Pink Monkey Knits

Using my opposable thumbs to knit up a storm!

Tuesday, September 12, 2006

The Continuing Story of One Woman's Continuing Love Affair with a Color Combination 

Sometimes, a pattern will jump out at you, sucker punch you in the belly until you gasp for air, and shake you until you gather the materials to make it now, Now, NOW!!! Yes, sometimes love comes the hard, yet undeniably immediate way. Such was the case when I saw these arch-shaped socks in the Vogue Knitting Fall Preview. Head over heels, no pun intended.

While I liked the contrast in the pictured socks, hunter green and white are not colors that really appeal to me. I remembered I had some stashed Dale Tiur in fuschia in my stash, and right away I knew that I had to return to my hardcore color roots. Nothing would suit these stockings, for me, more than the pink and the black.

So last weekend, the lovely Lolly and I convened in her neck of the woods. She took the great pictures of me in my Carla, accompanied me to a delish veggie Indian buffet, and topped it off with a trip to All About Yarn (I might have had a hand in her recent yarn purchase). Back at Lauren's place, we chatted about some of our exciting plans and ideas and watched some good TV; while talking and watching I made a horribly tight, awful looking swatch. Despite it, I cast on with the best of hopes:

stocking start

The key to my success with these thus far has been finding a yarn hold that works for me. I am a continental knitter through and through, even though I'm right-handed. I attempted to throw and there was just no way it was going to happen for me. In looking through my knitting reference books, I mostly found information, some very insistent, on the necessity of doing two-color knitting with two hands. That is, until I consulted the Big Book of Knitting; Katharina Buss, the author, provided me with an Annie-Modesittt-like moment of knitting validation when she showed that it was possible to do stranded knitting with the left hand and provided a handy diagram. Here's the hold, for all you other continentalists out there:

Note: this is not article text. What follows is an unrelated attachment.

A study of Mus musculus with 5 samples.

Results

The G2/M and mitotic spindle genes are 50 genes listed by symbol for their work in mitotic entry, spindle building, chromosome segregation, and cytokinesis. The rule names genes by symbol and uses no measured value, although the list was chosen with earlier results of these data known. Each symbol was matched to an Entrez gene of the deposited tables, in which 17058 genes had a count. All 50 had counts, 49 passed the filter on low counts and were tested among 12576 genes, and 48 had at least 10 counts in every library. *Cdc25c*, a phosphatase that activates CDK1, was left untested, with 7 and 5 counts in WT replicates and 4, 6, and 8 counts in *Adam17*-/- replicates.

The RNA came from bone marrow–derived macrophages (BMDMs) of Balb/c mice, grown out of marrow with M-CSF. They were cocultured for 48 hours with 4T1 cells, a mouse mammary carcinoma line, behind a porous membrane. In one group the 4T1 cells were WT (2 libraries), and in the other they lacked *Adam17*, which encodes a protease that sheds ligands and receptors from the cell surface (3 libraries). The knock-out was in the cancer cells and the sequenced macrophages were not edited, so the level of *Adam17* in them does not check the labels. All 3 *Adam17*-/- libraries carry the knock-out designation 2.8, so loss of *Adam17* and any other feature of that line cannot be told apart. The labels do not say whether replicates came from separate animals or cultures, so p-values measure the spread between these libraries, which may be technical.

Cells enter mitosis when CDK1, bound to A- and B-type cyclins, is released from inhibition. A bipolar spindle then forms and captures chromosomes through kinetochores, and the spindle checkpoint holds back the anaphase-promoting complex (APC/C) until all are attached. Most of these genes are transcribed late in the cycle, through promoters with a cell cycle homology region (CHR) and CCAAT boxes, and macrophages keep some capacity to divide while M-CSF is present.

stranded yarn hold

The black yarn is held normally, wrapped around my pointer finger from front to back, and grasped by the remaining fingers. The fuschia, which is my dominant yarn, is held oppositely; it is wrapped around my finger from back to front. The yarns form a little x in the back.

You'll notice that the sock is on DPNs in this photo. Returning readers may note that I dismissed my double points long ago, and the same is true with these. They started annoying the crap out of me, as if the Fair Isling wasn't challenging enough, so my beloved stocking has been put into time out until my new circulars arrive. Yes, I caved to the Knit Picks evil empire. They're cheap and I blew all my cash on Tiur.

A note to anyone else attempting this pattern: First of all, there are a few major errors in the pattern in the magazine, so replace your magazine version with this one. Secondly, be sure to measure your calves and compare the finished measurements with those of the pattern, as the finished dimensions are made to fit anorexic giants. I had to add about three inches to the circumference and shorten the portion before the shaping about an inch and a half. The pattern is easy to modify, so no excuses!